Over at Fortinet's booth, we met with VP Patrick Bedwell and Senior Security Strategist Derek Manky to discuss FortiOS 4.0 MR3 enhancements. This OS powers FortiGate network security appliances; this quarter's release adds active profiling, flow-based inspection, and a firewall-embedded WLAN controller.

Flow-based inspection gives Fortinet customers a middle-ground between stateful packet inspection speed and application proxy depth. For example, a customer looking to enforce DLP rules will be able to spot patterns in egress packet flows, without having to run affected apps through proxies. This alternative improves performance, said Manky, by using less memory and leveraging hardware acceleration.

Better yet, customers will now be more easily detect deviations from base-lined behavior, because 4.0 will automatically profile traffic. By proactively documenting normal connectivity, bandwidth, and app/web usage, appliances can establish the context needed to spot sudden changes. "For example, we'll be able to see an authorized user doing an authorized thing, but from an unusual endpoint location," said Manky. This might block botnet C&C communication that otherwise slips through open ports.

Stonesoft: Battling Advanced Evasion Techniques

Behavioral analysis and IPS are tricky technologies, constantly striving to balance not just performance, but false positives versus false negatives. To that end, Stonesoft chose RSA to announce it had discovered 124 Advanced Evasion Techniques (AETs). According to Product Marketing Director Matt McKinley, Stonesoft supplied AET packet captures to the Computer Emergency Response Team (CERT-FI), responsible for global vulnerability coordination effort.

"Most network IPS's are pretty good at spotting single evasions but we found that, if you mix multiple evasion techniques in the same packet, they get confused. We've tested all IPS products in Gartner's Magic Quadrant, and all are vulnerable to these Advanced Evasion Techniques," said McKinley. The deficiency appears to be in how security products attempt to normalize traffic for signature comparison and behavioral analysis.

"Some cases at least generated log entries [corresponding to AET receipt]. But others just got confused and let packets or fragments right through," he said. Affected vendors are still working on responses, but Stonesoft does not believe new signatures can defeat these AETs. "This really needs to be addressed by improvements in normalization. Particularly when deployed at the perimeter, maybe IPS needs to take a performance hit to optimize normalization," argued McKinley.

Ixia: Assessing Network and Cloud Vulnerabilities

Researchers that discover new vulnerabilities need powerful security test tools. While at RSA, we visited with IP network test system vendor Ixia to hear about their foray into very-large-scale network and cloud service vulnerability assessment.

Dubbed IxLoad-Attack, Ixia's newest product builds on roughly 6000 published vulnerabilities to generate malicious traffic at very high volumes to exploit security flaws. According to Senior Marketing Evangelist Dave Schneider, IxLoad-Attack uses stateful emulation to simulate not just individual exploits, but DDoS attacks on a city-scale, helping network equipment manufacturers and security product vendors to harden their wares.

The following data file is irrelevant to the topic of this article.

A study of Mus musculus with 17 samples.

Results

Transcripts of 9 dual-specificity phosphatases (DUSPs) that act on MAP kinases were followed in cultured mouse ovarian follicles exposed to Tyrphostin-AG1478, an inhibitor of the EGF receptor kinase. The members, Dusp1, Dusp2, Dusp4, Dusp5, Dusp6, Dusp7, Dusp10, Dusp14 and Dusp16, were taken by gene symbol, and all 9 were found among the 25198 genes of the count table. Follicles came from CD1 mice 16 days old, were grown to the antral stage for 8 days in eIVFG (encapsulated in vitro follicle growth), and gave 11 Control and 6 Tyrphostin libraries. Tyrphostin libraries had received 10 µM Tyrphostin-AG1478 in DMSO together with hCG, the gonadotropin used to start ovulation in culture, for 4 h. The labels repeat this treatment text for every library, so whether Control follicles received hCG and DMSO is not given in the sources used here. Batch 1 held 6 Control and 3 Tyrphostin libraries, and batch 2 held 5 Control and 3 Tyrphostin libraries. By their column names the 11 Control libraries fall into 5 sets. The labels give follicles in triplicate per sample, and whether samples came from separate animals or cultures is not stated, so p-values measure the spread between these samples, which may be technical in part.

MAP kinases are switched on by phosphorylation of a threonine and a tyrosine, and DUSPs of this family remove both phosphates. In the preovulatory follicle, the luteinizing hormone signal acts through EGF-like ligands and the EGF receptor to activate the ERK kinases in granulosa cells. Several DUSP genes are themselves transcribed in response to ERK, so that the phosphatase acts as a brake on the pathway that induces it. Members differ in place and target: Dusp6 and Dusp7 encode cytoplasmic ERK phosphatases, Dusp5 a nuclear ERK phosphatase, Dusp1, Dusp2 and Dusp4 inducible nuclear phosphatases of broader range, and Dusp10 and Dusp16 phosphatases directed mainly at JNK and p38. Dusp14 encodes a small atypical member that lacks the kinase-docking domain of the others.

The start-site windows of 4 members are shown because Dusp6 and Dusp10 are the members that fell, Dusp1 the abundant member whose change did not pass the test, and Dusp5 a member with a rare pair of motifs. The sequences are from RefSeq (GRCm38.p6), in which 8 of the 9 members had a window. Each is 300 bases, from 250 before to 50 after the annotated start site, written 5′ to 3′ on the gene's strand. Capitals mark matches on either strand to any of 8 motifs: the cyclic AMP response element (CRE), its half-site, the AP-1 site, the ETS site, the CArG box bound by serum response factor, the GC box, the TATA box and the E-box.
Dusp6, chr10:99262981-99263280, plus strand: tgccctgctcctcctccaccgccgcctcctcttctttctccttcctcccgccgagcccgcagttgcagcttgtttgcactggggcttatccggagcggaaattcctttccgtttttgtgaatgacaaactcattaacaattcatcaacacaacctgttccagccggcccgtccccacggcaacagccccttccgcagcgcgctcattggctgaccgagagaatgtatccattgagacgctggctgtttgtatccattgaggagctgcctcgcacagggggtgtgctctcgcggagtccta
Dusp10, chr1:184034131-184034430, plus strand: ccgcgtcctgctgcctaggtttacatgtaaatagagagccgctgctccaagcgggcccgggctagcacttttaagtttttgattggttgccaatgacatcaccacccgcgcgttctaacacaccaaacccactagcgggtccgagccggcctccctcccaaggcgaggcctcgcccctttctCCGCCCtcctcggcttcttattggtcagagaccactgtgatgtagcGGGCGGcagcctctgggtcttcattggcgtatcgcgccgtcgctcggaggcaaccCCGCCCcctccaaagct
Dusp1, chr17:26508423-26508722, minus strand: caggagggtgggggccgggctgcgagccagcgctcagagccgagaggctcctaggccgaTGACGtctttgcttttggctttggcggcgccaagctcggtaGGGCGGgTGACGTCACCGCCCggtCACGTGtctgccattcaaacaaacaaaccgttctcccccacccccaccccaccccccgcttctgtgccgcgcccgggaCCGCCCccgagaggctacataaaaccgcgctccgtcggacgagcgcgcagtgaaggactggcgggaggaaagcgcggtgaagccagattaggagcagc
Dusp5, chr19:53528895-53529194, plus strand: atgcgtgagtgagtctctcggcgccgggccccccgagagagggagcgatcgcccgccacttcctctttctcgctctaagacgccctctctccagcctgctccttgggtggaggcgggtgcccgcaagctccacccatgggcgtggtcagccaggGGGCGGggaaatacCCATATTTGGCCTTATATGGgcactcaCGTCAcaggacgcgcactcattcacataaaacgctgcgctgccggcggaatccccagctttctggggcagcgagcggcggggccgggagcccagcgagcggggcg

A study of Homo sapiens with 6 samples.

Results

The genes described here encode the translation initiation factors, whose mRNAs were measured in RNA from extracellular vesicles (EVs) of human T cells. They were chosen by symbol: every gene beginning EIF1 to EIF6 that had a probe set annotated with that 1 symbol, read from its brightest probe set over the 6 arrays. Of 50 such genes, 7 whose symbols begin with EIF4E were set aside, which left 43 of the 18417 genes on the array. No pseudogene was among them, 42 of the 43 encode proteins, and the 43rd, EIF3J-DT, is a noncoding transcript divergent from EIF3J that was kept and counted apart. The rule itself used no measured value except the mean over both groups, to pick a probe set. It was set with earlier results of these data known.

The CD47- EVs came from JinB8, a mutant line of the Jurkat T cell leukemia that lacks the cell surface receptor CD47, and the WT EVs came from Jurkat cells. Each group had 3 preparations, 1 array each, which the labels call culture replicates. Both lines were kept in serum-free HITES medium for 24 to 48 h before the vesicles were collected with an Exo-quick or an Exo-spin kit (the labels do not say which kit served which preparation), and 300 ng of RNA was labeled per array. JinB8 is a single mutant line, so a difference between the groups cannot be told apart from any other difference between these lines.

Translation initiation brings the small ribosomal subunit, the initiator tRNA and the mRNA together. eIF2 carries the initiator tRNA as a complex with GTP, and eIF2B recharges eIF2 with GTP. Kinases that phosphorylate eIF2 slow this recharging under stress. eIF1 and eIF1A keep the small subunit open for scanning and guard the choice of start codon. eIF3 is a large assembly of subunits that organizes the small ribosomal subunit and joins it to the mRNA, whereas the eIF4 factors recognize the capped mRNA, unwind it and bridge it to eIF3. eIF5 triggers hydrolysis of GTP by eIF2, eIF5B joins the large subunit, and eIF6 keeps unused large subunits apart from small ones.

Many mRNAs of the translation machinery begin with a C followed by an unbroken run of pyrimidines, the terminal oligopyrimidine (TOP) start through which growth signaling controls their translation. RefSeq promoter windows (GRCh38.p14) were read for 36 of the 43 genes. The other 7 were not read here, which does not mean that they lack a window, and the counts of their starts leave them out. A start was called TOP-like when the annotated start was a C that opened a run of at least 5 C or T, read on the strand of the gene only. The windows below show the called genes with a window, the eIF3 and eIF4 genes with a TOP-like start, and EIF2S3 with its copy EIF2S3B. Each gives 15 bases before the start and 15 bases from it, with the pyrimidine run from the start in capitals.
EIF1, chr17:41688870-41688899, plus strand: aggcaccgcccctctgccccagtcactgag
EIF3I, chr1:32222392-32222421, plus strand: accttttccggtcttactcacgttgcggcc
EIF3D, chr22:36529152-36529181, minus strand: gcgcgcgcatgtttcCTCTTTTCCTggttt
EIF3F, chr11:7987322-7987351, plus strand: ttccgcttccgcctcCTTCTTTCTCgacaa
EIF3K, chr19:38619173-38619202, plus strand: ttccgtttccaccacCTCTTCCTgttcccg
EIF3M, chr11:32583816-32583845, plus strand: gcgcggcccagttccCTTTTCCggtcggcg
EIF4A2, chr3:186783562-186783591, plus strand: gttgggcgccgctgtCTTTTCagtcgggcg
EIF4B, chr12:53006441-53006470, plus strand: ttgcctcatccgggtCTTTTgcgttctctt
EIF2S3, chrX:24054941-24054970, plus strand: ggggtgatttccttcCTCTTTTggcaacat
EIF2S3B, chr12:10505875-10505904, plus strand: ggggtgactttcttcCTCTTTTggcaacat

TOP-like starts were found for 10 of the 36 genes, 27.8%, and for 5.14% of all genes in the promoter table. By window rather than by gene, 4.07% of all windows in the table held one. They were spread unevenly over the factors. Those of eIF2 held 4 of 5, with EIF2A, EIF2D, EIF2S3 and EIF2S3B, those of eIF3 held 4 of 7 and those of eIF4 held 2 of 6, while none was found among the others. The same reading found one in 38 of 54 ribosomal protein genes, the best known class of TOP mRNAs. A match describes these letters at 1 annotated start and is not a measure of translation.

However, traffic that enters or exits any cloud infrastructure – be that a large data center or a carrier's network – is increasingly encapsulated by secure tunnels. For example, IPsec is used extensively throughout 3G and LTE carrier networks; to harden such offerings, they must be subjected to simulated attacks in large numbers. To do so, IxLoad-Attack can be paired with IxLoad-IPsec, wrapping generated traffic inside IPsec or SSL/TLS wrappers as appropriate for a given test case. "Equipment manufacturers, service providers, and enterprises all need to test their solutions continuously to verify their security mechanisms are keeping pace with threats," said Schneider.

Lancope: Expanding Network Flow Visibility

Finally, we capped our RSA briefings by sitting down with Lancope Product Manager Joe Yeager to chat about StealthWatch 6.0. Lancope initially carved out a name in the Network Behavior Analysis (NBA) market, but then morphed into network performance through extensive use of NetFlow.

StealthWatch is a product suite that collects and analyzes flow data supplied NetFlow and sFlow-enabled network elements (e.g., routers, switches). From a security perspective, flow data can be used for forensic analysis, anomaly detection, or compliance auditing. Release 6.0 adds geographic awareness, identity awareness, and layer 7 awareness to flow-based behavioral analytics.

"Consumerization changes what you need to monitor for," said Yeager. "Today, you need to visualize what's happening inside your network, not just at the perimeter. [With 6.0], we can use relational flow maps to visualize data flows and relationships between sources and destinations – including application-specific buckets that drill down to see what composes a flow in real-time. For identity awareness, we can watch login/logoff traffic to map flows to ActiveDirectory user names." In short, these enhancements pull NetFlow up a notch, helping to answer those "who" and "what" questions that so often lie behind a security incident or unexpected bandwidth spike.

Lisa Phifer owns Core Competence, a consulting firm focused on business use of emerging network and security technologies. A 29-year industry veteran, Lisa enjoys helping companies large and small to assess, mitigate, and prevent Internet security threats through sound policies, effective technologies, best practices, and user education.

Keep up with security news; Follow eSecurityPlanet on Twitter: @eSecurityP.